According to the foreword in a 1978 reprint, ‘Agent of Chaos is extremely popular with convicts’ and ‘certain sectors of the radical political left’. But the novel’s libertarian anarchism seems more in tune these days with the mainstream political right. In 1999, Spinrad said: ‘I’m an anarchist – but I’m a syndicalist. You have to have organised anarchy, because otherwise it doesn’t work.’ The real Boris Johnson has said his ideal form of government would be a ‘rules-based anarchy’.
A Dissertation on the task of writing a poem on a candle and an account of some of the difficulties thereto pertaining
There’s a scandal gaining traction in the UK, and it involves sending books through the mail. The country’s justice secretary, Chris Grayling, is standing by a new law that bans inmates from receiving parcels of books. According to him, the law is intended to make inmates “earn [their] privileges.” (h/t Page-Turner)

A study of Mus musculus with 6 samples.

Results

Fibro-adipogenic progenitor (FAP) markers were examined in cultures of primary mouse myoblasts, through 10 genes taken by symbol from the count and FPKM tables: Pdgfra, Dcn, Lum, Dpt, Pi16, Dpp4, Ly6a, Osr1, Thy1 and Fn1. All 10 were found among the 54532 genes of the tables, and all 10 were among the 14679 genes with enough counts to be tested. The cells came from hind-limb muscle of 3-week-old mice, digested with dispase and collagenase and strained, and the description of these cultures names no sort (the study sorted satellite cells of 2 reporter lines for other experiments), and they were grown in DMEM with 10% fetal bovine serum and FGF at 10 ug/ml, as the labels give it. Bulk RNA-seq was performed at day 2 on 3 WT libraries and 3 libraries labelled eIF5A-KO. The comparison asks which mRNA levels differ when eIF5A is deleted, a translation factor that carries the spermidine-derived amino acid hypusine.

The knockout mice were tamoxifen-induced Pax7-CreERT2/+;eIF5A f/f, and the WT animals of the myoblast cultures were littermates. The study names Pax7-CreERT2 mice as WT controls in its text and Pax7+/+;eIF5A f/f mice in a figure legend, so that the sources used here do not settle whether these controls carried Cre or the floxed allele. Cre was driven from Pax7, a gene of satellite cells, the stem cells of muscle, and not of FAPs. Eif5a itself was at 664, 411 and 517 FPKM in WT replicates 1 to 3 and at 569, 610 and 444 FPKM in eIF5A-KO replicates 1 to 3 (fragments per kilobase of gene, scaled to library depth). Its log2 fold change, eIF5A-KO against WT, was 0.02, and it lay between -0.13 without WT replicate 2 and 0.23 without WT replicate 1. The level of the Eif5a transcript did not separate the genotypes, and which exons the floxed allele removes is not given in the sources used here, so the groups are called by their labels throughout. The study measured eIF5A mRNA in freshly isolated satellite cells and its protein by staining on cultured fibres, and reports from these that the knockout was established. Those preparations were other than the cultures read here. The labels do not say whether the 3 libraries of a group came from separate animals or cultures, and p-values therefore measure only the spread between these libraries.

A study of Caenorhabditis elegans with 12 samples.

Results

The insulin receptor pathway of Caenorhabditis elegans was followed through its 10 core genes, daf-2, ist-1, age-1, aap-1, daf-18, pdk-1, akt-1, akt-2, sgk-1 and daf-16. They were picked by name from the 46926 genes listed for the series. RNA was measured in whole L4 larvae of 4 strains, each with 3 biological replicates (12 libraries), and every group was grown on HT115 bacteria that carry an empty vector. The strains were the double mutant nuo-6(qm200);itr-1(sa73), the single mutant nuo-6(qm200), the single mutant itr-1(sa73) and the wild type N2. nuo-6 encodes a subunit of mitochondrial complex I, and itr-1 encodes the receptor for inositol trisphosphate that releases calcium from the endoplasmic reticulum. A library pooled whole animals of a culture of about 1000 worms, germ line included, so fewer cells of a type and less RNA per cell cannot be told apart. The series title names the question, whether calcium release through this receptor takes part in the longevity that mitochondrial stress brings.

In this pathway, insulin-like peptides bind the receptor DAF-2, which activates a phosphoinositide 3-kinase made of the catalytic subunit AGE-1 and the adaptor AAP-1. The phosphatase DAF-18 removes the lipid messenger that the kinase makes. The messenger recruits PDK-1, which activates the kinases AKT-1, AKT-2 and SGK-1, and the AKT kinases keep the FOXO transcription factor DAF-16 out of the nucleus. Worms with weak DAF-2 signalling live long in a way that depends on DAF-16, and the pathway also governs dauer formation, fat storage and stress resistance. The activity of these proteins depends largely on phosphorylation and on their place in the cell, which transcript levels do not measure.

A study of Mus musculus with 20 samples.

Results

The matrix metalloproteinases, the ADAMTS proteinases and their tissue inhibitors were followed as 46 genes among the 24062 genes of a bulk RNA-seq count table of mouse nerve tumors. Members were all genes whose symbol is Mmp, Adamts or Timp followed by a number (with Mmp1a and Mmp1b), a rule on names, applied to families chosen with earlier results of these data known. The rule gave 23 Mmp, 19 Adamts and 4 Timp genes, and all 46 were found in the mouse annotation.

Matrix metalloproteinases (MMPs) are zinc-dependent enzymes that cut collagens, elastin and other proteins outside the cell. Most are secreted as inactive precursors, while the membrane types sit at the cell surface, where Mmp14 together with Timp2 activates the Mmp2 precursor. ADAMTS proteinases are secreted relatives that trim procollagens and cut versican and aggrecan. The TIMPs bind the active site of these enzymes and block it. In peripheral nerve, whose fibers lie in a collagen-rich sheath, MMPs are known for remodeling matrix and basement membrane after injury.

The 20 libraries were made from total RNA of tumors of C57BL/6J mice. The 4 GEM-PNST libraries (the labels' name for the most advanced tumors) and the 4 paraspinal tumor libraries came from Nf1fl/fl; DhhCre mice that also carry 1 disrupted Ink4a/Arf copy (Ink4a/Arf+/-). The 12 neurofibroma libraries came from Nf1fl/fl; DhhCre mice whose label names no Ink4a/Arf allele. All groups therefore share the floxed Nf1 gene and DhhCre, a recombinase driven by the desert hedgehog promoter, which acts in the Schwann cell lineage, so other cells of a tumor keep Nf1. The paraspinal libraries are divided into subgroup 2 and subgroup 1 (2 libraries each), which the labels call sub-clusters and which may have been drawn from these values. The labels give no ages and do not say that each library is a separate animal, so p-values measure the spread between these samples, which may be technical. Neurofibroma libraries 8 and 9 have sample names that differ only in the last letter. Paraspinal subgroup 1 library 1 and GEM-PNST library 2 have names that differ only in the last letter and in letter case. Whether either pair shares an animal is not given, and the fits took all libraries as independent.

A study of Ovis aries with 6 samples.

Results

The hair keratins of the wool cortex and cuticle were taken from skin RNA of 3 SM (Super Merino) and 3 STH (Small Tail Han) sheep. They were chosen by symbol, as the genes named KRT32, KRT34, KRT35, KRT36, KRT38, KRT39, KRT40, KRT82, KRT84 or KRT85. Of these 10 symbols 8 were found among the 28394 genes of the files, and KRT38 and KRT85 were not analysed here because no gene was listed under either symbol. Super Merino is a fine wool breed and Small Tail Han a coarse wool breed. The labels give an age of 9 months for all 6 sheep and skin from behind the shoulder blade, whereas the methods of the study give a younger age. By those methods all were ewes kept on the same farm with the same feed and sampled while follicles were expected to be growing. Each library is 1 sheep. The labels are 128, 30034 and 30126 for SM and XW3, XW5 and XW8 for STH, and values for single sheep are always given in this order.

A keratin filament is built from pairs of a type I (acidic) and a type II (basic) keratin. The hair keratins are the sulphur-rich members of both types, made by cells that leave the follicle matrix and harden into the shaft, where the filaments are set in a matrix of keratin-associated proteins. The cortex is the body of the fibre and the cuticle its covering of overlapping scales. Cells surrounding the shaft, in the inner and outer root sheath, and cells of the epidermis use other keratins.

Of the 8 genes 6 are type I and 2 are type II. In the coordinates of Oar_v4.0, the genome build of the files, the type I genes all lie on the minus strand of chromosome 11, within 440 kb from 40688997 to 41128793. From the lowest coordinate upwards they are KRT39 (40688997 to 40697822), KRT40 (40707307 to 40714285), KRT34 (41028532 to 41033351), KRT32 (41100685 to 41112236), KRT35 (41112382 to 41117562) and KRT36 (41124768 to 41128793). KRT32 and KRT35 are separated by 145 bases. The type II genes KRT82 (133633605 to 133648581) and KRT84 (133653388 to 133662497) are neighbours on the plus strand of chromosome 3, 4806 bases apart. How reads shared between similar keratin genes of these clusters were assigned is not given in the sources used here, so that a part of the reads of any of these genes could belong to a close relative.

The good folks at Dorothy labored over a tremendous “Book Map” depicting the settings of some 600 literary works based in London. The books, poems, and essays selected for the map run the gamut from T.S. Eliot’s “The Waste Land” to J.K. Rowling’s Harry Potter series.
Northern England has its own distinct genre of crime fiction, yet it’s never taken off abroad the way its counterparts in Scandinavia and Scotland have. In The Guardian, AK Nawaz wonders why this is, arguing that “there is an argument for a common and marketable ‘Northernness’ – if not an identity, then perhaps a literary state of mind.”
[Dylan] Thomas made an unlikely hero – a short, curly-haired, tubby man, usually in a borrowed suit, with a cigarette permanently cushioned on a fat bottom lip. But he is the man who inspired John Lennon to write songs, put the Dylan into Bob, took the girlfriend of Augustus John to bed (and had him pay for the hotel room), hung out with Salvador Dalí, was feted by Charlie Chaplin and photographed for Vogue by Lee Miller.